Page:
After the war, the Japanese chief of intelligence, Lt. General Seizo Arisue, acknowledged that his forces were never able to break the code used by the U.S. Marine Corps. (They were able to break the codes of the U.S. Army and Army Air Corps.)
Because the Navajo code talkers WERE the secret code of the Marines, they were often heavily guarded. And, according to SEC 1101 (a)(10)(B) of the Congressional Resolution honoring the code talkers with gold and silver medals:
Congress finds that...use of the Navajo Code was so successful, that...some Code Talkers were guarded by fellow marines, whose role was to kill them in case of imminent capture by the enemy.
In 1942, when the original 29 code talkers developed their "secret weapon," there were about 50,000 members of the Navajo nation. By the end of the war, 540 men had served as Marines. At least 400 of those were trained code talkers. Many had learned the 411-word vocabulary at Camp Pendleton where the secret operation was moved (from Camp Elliot) early in 1943.
For decades following the war, the Navajos’ contribution went unrecognized due to national security issues. It wasn’t until 1968 that anyone outside the military knew about the code.
The code talkers were even forbidden to tell their families about their exploits. But in July of 2001, the President and Congress of the United States honored the 29 code creators. Only five were still alive. Four went to the White House; the other was represented by his son.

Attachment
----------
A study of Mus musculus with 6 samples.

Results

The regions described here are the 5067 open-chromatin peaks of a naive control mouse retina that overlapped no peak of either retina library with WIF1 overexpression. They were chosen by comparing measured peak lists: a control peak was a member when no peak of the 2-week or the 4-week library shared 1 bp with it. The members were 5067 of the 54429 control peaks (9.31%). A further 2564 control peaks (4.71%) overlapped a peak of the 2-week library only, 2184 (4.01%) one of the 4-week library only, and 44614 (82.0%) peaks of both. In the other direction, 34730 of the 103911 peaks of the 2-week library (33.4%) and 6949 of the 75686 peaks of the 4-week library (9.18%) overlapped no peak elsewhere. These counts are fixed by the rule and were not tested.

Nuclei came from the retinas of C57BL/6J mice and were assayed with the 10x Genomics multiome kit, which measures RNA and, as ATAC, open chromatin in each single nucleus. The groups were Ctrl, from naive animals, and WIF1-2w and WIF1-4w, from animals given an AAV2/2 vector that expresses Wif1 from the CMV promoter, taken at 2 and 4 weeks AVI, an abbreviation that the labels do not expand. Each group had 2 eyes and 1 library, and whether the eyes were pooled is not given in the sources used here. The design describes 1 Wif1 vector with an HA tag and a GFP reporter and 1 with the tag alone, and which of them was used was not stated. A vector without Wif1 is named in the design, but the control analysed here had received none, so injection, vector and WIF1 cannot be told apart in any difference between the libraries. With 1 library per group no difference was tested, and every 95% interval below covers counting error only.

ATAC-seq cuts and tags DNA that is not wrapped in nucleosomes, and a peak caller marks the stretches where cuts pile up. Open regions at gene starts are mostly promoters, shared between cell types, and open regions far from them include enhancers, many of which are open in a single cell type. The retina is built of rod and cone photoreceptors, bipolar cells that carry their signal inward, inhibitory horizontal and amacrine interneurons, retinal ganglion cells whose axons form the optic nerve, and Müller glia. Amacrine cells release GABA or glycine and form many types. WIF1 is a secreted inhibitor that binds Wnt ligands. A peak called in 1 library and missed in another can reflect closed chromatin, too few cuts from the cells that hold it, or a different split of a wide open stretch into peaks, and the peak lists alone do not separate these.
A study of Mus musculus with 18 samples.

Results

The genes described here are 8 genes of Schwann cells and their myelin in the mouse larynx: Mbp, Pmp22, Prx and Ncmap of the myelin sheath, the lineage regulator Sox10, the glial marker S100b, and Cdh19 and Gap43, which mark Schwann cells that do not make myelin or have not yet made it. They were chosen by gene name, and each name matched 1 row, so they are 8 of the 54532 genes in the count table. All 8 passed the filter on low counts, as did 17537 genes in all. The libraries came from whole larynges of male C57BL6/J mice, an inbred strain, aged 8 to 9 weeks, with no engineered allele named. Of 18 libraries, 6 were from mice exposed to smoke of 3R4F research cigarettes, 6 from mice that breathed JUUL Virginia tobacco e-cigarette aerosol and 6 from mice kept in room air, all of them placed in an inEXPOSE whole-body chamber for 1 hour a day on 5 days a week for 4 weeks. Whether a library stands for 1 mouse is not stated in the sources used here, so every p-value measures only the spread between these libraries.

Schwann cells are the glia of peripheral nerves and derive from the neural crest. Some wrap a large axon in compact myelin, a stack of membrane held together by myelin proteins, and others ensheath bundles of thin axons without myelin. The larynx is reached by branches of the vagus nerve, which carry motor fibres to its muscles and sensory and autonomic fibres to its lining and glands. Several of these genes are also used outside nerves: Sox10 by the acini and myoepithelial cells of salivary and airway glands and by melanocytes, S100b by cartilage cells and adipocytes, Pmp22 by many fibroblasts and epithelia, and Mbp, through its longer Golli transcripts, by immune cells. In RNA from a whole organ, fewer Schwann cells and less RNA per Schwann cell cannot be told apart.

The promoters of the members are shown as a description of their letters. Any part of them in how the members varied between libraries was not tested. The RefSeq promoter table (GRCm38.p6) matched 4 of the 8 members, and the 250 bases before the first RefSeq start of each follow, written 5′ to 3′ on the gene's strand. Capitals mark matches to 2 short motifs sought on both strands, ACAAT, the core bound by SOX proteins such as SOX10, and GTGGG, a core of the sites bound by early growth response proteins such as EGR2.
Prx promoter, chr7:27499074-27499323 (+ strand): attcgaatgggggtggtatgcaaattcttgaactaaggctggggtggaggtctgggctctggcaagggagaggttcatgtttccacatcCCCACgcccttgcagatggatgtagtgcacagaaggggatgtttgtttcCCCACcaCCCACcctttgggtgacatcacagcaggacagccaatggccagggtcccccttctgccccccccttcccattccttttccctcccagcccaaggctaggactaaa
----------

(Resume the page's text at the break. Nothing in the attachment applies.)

The remarks of President Bush expressed the belated gratitude of a nation whose victory in the Pacific - where Allied forces were subjected to deadly kamikaze attacks late in the war - may not have been possible without the Navajos. Military commanders say the battle of Iwo Jima, for example, was won because of the code. Working around the clock, six code talkers flawlessly communicated 800 messages.
Ira Hayes, a Native American (Pima) paratrooper, was one of six Marines who raised the American flag on Iwo Jima. (He is the man on the left of the famous picture.) Soon after the photo was taken, three of the six flag raisers were dead, including Franklin Sousley who had been standing next to Hayes. Ira never understood why he survived but his buddies died.
In the rotunda of the Capitol, on 26 July 2001, the four surviving code developers received their gold Congressional Medal of Honor. In separate ceremonies around the country, approximately 300 additional code talkers received silver medals.
When the President spoke, he addressed men whose grandfathers had made the "Long Walk" to a desolate reservation just 78 years before the code talkers became Marines.